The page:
Imagine a box of width $w$, length $l$, and height $h$ filled with a fluid of density $\rho$ on the earth (so under the influence of gravity). Assume that $l > w$, so we can refer to a "long side" of the box (see attached figure). Compare the force on the long side of the box with the weight of the fluid. Rectangular box of width $w$, length $l$, and height $h$ to be filled with fluid.

So, the weight of the fluid in the box is given by $W = \rho g V = \rho g lwh$. Meanwhile, we can find that the force on the long side of the box is given by $F=\frac{1}{2}\rho g lh^2$. (This is just the average pressure on the long side of the box times the area of that side.) Then, looking at the ratio of the force on the long side of the box to the weight of the fluid, we find $F/W = h/(2w)$. This result is what I find puzzling. If I make a very narrow (small $w$) but tall (large $h$) box, for a small amount of fluid, the force on the long side can still be very large (much larger than the weight of the fluid). If I make the long side of the box so it can slide (causing $w$ to change), for small enough $w$ and large enough $h$, I won't be able to hold the side of the box in place, even if the volume of fluid (e.g. water) that the box can hold is very small. We can further decrease $w$ and/or increase $h$ to the point that something like a tractor or bulldozer still won't be able to keep the wall of the box from sliding out.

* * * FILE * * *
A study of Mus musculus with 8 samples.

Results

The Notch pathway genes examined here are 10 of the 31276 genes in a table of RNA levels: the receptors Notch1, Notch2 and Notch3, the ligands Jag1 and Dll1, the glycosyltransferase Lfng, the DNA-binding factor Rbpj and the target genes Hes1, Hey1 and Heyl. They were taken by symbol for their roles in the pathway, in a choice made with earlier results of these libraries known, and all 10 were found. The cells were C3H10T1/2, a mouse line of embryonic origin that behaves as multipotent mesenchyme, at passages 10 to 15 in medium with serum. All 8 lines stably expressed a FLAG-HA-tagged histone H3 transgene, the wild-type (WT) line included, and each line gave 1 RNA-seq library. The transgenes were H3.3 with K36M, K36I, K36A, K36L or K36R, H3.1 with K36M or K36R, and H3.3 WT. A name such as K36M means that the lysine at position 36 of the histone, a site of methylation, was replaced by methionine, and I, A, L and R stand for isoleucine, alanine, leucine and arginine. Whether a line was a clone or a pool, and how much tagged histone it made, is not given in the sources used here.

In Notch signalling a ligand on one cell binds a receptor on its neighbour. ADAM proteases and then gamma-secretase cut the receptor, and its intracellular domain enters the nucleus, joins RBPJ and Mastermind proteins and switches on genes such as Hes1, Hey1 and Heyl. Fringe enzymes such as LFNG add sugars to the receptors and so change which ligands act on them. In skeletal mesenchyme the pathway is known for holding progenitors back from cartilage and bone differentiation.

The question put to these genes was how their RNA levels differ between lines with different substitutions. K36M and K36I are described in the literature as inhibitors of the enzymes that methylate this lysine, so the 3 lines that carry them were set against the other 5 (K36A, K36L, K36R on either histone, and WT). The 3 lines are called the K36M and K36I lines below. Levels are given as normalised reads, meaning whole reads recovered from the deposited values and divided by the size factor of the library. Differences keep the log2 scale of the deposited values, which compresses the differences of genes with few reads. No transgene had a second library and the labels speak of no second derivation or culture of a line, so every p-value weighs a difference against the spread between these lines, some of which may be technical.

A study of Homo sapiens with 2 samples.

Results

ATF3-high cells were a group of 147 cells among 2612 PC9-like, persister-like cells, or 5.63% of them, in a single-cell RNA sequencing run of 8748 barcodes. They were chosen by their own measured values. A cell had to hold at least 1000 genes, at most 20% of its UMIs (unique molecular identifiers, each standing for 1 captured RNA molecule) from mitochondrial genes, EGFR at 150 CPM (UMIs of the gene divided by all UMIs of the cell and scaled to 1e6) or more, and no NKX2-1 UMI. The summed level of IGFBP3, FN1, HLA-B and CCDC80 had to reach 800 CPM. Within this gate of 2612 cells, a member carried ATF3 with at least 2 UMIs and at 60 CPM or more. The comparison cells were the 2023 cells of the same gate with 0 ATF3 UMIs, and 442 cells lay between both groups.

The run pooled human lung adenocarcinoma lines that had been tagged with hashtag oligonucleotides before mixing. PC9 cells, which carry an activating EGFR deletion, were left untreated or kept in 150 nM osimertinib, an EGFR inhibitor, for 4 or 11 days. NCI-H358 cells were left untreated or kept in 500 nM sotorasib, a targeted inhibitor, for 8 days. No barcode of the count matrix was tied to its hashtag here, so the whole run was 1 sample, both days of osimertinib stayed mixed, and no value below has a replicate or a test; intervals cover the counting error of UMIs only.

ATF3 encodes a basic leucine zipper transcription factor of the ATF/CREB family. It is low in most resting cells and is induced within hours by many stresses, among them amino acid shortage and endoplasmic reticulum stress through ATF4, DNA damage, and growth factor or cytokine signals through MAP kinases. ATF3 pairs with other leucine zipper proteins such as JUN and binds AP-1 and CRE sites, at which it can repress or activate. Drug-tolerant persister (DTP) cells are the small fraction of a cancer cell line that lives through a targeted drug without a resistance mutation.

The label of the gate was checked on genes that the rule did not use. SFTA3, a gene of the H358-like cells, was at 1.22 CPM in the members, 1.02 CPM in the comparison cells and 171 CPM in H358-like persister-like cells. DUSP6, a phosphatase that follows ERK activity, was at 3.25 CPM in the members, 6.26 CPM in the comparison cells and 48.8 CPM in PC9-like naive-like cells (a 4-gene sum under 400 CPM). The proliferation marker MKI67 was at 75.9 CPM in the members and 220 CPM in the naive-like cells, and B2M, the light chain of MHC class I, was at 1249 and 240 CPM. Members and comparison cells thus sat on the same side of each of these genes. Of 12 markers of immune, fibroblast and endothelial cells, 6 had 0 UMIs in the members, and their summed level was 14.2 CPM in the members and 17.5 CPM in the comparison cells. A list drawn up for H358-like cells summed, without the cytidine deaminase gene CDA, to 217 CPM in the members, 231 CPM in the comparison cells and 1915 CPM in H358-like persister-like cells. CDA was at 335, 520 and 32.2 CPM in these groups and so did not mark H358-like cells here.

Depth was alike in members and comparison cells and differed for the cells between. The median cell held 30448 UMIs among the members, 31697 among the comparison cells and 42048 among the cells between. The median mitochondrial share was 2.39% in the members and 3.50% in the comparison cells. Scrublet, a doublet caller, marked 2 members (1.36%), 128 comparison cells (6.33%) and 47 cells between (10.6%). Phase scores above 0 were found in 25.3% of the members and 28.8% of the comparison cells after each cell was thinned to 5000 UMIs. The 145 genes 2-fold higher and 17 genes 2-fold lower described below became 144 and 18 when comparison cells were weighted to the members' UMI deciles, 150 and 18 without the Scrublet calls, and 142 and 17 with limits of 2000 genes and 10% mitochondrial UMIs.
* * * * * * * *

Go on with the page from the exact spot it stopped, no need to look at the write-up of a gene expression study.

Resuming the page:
One thing that makes me feel a little better about this is knowing that for very small $w$, if the wall of the box slides out just slightly, the water level in the box will drop drastically and therefore so will the force that the wall applies on me or the bulldozer or whatever. But still, this idea seems strange. Does anyone have a good way to think about this to make it more intuitive?



The total force applied by the pressure of the contained water on the long wall depends only on the long wall's dimensions (assuming the water is filled to the top of the box). It is completely independent of the width $w$ of the box; $w$ could be a millimeter, or a kilometer; it just doesn't matter.

The mass of the contained water, of course, depends on all three dimensions of the box. So, you can easily think up scenarios where the total force on the long wall is far greater than the contained mass, or far less.

So, varying $w$ changes the contained mass, but has no effect on the long wall's force. On the other hand, if you swap the dimensions for $l$ and $h$, you'll end up with a completely different force, but the same contained mass.